My son has been working at a startup for three years since graduating college and is ready to move. He has been exploring career coaches and found an online source that charges 9 percent of your first year’s salary if you get a job. Sounds high to me. Is there a way to find a reputable career coach? Why someone would want to change jobs in a pandemic is beyond me, but no one listens to their mother. My son might listen to you, though!
Well, at least someone’s kid will listen to me because mine won’t — and if your son won’t listen to you then make him read this response: Your mother is right. It’s fine to look for another job, but the timing isn’t great and you certainly shouldn’t quit before finding a new job. And don’t waste money paying for a career coach. At this point, you have all of the resources needed to help with any career questions and find a new job. Tap into your network, contact the career office at college, reach out to alumni, do some research, read — including my column — and listen to your mother.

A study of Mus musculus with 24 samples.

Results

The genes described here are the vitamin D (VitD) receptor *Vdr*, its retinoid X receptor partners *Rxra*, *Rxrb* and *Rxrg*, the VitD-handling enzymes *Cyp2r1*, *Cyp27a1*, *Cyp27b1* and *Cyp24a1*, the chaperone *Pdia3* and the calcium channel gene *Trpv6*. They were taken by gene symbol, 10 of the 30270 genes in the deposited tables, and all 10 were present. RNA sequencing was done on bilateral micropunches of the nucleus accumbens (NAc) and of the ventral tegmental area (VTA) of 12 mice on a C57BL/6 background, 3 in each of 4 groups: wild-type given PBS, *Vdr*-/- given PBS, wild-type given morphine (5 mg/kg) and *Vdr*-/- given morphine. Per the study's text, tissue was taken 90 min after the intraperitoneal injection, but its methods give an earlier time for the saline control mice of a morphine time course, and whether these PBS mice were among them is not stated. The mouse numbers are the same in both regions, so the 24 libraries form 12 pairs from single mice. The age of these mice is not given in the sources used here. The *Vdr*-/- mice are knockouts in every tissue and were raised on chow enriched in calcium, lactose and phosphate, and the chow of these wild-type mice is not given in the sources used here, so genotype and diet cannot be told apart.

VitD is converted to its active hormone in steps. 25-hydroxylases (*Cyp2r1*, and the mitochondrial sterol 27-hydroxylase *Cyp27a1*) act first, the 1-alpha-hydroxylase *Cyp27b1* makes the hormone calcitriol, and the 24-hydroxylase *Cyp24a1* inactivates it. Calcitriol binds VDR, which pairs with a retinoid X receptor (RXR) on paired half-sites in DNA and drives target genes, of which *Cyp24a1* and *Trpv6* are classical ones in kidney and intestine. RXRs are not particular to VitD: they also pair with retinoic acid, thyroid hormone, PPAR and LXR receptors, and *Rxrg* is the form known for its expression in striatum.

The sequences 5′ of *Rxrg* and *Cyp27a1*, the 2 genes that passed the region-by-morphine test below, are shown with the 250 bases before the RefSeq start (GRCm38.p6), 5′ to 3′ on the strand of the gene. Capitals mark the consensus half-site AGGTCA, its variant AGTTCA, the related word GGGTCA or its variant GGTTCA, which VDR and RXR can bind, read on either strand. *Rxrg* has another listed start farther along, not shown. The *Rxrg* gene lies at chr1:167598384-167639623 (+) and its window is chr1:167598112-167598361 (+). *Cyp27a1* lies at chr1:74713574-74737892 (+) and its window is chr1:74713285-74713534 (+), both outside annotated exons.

Prior to the pandemic, I had a busy small business with 10 employees. When I reopened, more than half of my staff resigned, stating that they felt unsafe, or to go back to school. However, they are still collecting unemployment even though I sent back my NY Department of Labor responses explaining that I have work for them. I don’t think it’s fair that they are able to collect unemployment off my account. How is this possible?
Typically, if an unemployed individual turns down a job offer, they may no longer be eligible for unemployment benefits, unless they had good cause to turn down the job. Turning down a job offer because of a general fear of COVID-19 is not considered good cause. There are, however, specific COVID-19 related scenarios that do allow employees to turn down a job and continue receiving benefits, such as taking care of a family member diagnosed with COVID or if the person is the primary caregiver and schools or childcare facilities are closed due to COVID. For a full and more detailed list, visit Labor.NY.Gov.
Gregory Giangrande has over 25 years of experience as a chief human resources executive. E-mail your questions to GoToGreg@NYPost.com. Follow Greg on Twitter: @greggiangrande and at GoToGreg.com, dedicated to helping New Yorkers get back to work.